I lived it full and I lived it well, there’s many tales I’ve lived to tell.
I’m ready now.

Here are the lyrics for the whole song …


I was a little girl alone in my little world who dreamed of a little home for me.
I played pretend between the trees, and fed my house guests bark and leaves, and laughed in my pretty bed of green.

I had a dream
That I could fly from the highest swing.
I had a dream.

Long walks in the dark through woods grown behind the park, I asked God who I’m supposed to be.
The stars smiled down on me, God answered in silent reverie. I said a prayer and fell asleep.

I had a dream
That I could fly from the highest tree.
I had a dream.

Now I’m old and feeling grey. I don’t know what’s left to say about this life I’m willing to leave.
I lived it full and I lived it well, there’s many tales I’ve lived to tell. I’m ready now, I’m ready now, I’m ready now to fly from the highest wing.

I had a dream

What’s your dream; for yourself and for your life? Have you taken the time to record it somewhere? Do you have a dream journal, for example?

By moving your dream from something that is only in your thoughts to something more tangible that you can see, it is more likely to become real. Remember that a goal is merely a dream with a deadline. Lucia Capacchione in her book Visioning talks about this at length and provides practical advice as to how we can use a pair of scissors and some glue to achieve our goals.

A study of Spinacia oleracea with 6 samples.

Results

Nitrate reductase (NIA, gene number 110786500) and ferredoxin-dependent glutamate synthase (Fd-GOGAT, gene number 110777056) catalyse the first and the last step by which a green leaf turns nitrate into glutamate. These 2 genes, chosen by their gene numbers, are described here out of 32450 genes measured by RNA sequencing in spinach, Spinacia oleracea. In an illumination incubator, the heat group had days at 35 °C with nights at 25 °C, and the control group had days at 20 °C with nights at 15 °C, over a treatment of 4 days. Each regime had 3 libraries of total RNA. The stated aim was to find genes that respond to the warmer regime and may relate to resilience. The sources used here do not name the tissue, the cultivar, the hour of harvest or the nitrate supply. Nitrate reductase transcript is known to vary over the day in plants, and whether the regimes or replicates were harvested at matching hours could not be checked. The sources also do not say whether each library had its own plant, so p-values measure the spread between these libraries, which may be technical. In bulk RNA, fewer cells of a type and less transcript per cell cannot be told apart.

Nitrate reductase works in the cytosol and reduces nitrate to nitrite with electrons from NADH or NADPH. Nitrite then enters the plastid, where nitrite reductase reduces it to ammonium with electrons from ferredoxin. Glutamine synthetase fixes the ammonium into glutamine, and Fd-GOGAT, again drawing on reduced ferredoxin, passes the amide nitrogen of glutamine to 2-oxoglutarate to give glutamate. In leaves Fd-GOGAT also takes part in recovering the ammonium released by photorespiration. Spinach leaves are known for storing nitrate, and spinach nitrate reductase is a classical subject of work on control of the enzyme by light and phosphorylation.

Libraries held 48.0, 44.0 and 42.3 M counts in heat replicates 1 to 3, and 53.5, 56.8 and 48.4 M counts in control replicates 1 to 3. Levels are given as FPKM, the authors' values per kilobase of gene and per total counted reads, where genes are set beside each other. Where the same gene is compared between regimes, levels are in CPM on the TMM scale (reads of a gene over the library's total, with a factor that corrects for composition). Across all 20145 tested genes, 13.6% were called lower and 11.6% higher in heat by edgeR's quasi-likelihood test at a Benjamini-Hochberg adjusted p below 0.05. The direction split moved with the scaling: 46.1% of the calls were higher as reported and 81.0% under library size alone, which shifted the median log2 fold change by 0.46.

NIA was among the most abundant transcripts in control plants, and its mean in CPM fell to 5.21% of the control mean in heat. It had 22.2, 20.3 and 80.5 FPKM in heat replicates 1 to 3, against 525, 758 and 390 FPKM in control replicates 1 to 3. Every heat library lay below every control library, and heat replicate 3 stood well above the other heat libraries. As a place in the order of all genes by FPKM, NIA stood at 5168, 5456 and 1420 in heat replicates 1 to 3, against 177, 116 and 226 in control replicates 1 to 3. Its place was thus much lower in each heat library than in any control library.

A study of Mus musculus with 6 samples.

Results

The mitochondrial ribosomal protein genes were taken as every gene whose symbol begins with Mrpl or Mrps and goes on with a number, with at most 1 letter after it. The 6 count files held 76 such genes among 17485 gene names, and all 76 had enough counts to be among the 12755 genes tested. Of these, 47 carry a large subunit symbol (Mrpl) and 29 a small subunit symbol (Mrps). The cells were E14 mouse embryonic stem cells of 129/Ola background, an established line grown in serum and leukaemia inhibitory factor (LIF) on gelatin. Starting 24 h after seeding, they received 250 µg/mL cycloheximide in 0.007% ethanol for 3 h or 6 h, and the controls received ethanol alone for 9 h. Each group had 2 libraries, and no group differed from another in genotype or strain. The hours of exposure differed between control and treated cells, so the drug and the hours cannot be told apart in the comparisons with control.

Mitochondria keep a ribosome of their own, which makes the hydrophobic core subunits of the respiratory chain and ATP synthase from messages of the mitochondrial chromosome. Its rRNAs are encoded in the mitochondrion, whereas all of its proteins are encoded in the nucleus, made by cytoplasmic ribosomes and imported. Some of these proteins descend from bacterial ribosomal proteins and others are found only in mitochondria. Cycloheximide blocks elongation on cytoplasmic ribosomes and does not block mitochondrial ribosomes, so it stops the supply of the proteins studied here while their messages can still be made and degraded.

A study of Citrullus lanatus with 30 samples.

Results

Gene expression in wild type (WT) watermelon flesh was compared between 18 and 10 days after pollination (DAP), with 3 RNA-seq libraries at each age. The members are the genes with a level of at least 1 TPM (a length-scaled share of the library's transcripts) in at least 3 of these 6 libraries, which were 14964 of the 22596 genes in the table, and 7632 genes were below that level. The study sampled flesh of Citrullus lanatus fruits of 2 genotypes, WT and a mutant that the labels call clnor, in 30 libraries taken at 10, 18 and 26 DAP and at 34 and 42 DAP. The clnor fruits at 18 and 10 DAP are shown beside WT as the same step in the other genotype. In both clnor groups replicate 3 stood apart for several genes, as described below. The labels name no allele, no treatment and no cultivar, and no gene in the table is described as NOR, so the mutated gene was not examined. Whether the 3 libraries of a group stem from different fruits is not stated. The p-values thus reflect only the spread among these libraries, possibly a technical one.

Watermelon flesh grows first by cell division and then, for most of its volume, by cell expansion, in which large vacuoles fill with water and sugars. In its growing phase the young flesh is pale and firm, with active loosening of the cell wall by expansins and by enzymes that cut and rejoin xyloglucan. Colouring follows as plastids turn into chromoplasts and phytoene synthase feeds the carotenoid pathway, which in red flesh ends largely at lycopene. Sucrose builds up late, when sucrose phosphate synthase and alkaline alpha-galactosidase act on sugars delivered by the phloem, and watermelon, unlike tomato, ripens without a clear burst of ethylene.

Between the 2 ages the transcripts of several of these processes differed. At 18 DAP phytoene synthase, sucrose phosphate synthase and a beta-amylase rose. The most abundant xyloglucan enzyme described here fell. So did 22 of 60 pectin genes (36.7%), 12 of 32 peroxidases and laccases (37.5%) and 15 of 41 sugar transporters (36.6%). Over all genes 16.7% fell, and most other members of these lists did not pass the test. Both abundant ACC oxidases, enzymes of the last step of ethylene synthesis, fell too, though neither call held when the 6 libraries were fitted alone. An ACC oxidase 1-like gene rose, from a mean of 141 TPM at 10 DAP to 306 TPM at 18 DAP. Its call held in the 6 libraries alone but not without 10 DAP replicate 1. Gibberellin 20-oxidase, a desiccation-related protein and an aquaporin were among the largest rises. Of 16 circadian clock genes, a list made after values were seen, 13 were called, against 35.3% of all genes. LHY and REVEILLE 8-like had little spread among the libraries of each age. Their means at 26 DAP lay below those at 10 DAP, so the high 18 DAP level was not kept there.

One thing that all Visionaries have in common is that they practice making “thoughts become things.” They cultivate their creative ideas like loving gardeners. And they have faith. They don’t have to keep digging the seed up every five minutes to find out if the plant is growing. They germinate ideas and trust the creative process.

In addition, visionaries are committed to taking all the steps necessary for giving birth to their creations. Their attitude is: whatever it takes … they face doubts, fears, rejection, disappointment, delays, and other obstacles that everyone faces in life. Yet, they hold true to the creative idea, knowing that sooner or later it will take form in the physical world. Some gestation periods are longer than others. One idea may take twenty years to hatch, another may take twenty days. The creative thought is the thing. Nurture it, charge it with energy and enthusiasm, and the world will be drawn to it as to a magnet.

Lucia Capacchione (2000). Visioning: Ten Steps to Designing the Life of Your Dreams. New York: Penguin Putnam Inc., pp. 26-26

As an aside, I was fortunate to attend a workshop with Lucia Capacchione back in June when I attended the Journal Conference in Denver organised by Kay Adams. This was a dream come true for me. Firstly, to be able to attend a conference in the United States devoted to journalling with people I know only through their work. Secondly, to attend workshops and meet women and men whose books I have used in my teaching and my personal development. Making this dream come to fruition pushed my husband and I to the limit in some respects. However our determination and sheer grit paid off. The extra bonus was that our daughter who is currently living in London joined us for the trip and together all three of us visited friends in Texas. At the beginning of the year none of this was even a dream, a goal or a possibility.

Dreams can come true but not on their own. We need to do our bit. We play a major role in the whole process of turning dreams into realities.